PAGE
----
1. #1

    Hi,

    Long time since I posted anything.
    I'm really back into ZBrush and am doing mostly anatomical studies.
    This one I want to share with you as it is my first asymmetrical sculpt ever.
    Took me most of the day, considering some of you people do this in half an hour and much better, LOL.
    Anyway, I'm having fun with ZBrush ...



    Hi there,

    Continuing with anatomy : started with Ryan Kingslien's ZTool, made a ZSpheres skeleton, skinned it and took a few parts from the original, then dynameshed away.
    It was a great learning experience and the fact that I'm able to do this proves that ZBrush is 'simply' awesome!


    A bit about the process :






    My latest sculpt is based on the work of Alena Wooten (Blog : http://alenawooten.blogspot.be/ ) and rendered in Modo.



    awesome!
    An artist never really finishes his work, he merely abandons it.- Paul Valery
    ----------------------------------------------------------------------------------------
    www.milivojpopovic.com



    Continued with the previous refined anatomy sculpt and found some inspiration online :
    turned her into Ms. Marvel (Based on a sculpture by T. K. Miller - http://www.tkmiller.com/index.html ) :





    Happy ZBrushing! Greetings, Dominiek D.R.




    Another study : based on Loomis.

    Happy ZBrushing! Greetings, Dominiek D.R.




    For a long time I have wondered about the Pronation and Supination of the forearm.
    It has been clear to me for a long time that the the Radius rotates along its own axis so that the forearm can rotate.
    But it never became clear to me what exactly the Ulna does when the forearm twists, until now (I hope, LOL).
    The reason for this is that the Ulna does SEEM to rotate on the hand-side when you twist the forearm, but not at the elbow-side.

    The Ulna actually does rotate a bit at the elbow-side : but not the same way as the Radius : the Radius rotates around its AXIS-length and the Ulna
    rotates perpendicular to its AXIS-length a bit : IMO that is why the Ulna seems to rotate at the wrist-side.


    And with the help of an image on this website I finally got it (I believe) : LINK : http://biology.clc.uc.edu/fankhauser...on_labeled.jpg

    I've attached my own image that hopefully illustrates things better.


    Hope you find it useful.


    And of course please correct me if this is wrong.

    Happy ZBrushing! Greetings, Dominiek D.R.




    Thats a cool illustration and a tricky subject! Hmm maby you should look into the subject further before coming to conclusion. Do not trust wikipedia or any other of the free info online since most of it is copy-paste. Instead, go to a medical library and look up books on Kinesiology. In those books you will find hundreds of pages about this movement specifically.
    Keep in mind that the Humeroulnar joint does not move sideways (the joint does not permit that). Instead, what usually happens, naturally, is that the humerus will internally rotate and/or abduct a bit (at the Glenohumeral joint) to "help" the forearm with the pronation-movement, which results in the head of the ulna "moving" while pronating.
    Books on artistic anatomy are not to be trusted when it comes to information like this, simply because it is too specific. PM me if you recommendations on books.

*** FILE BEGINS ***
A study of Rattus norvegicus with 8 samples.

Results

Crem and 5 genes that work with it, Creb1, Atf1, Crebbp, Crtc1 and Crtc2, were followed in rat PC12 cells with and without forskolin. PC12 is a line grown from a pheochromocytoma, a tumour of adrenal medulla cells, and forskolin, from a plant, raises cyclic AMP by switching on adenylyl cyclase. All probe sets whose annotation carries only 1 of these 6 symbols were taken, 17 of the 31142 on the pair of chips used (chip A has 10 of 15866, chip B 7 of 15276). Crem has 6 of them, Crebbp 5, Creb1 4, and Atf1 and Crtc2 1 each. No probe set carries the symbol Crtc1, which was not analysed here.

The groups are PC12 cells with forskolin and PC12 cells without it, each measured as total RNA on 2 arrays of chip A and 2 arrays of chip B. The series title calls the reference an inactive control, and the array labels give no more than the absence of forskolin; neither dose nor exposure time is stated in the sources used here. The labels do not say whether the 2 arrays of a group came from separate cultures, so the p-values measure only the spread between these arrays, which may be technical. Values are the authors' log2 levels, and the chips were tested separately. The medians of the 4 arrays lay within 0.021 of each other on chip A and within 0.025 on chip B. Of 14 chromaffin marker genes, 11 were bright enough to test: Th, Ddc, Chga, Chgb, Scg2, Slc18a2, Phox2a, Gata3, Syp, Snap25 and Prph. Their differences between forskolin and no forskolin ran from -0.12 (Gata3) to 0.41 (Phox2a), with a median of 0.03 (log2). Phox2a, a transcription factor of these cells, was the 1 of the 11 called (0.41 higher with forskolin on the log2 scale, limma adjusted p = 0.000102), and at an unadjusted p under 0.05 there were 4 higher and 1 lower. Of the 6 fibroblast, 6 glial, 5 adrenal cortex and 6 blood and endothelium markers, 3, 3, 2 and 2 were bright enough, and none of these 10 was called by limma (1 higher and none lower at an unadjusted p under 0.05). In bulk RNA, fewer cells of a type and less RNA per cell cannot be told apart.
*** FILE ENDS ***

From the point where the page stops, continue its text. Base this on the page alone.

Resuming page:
Kindly,
    Alexander


    Thanks Alexander!

    I've been wondering about this for years, but never actually got deeper into it.
    Today was one of those days that the idea would not let me alone and it was actually the image on the link above ( http://biology.clc.uc.edu/fankhauser...on_labeled.jpg )
    that did it for me : when you look at the two images you can clearly see a gap between the capitulum and the ulna when in pronation, and
    not so in supination, and the "hollow" form of the ulna actually allows for the kind of rotation that I'm describing, so that is the only explanation
    I've been able to find that explains why the ulna appears to be rotating like the radius.

    Would love to talk about that with an expert, because indeed anatomy books do not cover this in deep, and two-dimensional images only can learn you so much.
    I've seen Youtube videos on the subject matter but in those they use 3D models, which is also not very accurate.
    I've been reading on websites for radiologists and colleges and such but have not really found what I'm after.

    What I've initially learned years ago is that the ulna does not rotate at all : I know this has to be wrong from experience : just hold your elbow, rotate your forearm in a way
    that the hand keeps "occupying the same space" : you'll see that the ulna has to rotate somehow otherwise your hand would not be able "to occupy the same space" : your
    hand would be like rotating around the axis of the ulna if you know what I mean.
    And I'm not talking about the rotation of the humerus : I've tested it with my elbow pressed against the table so I would not be able to rotate my upper arm.

    So seeing that above mentioned gap between the ulna and the capitulum and looking at the form of the ulna at the capitulum I was thinking that my description is the only
    possible way that the ulna can rotate, since it is impossible to rotate the ulna along its length axis (without breaking it), it has the able to rotate perpendicular to that axis, otherwise
    your hand would not be able "to occupy the same space" when twisting your forearm.

    Any further info is of course most welcome.
    Happy ZBrushing! Greetings, Dominiek D.R.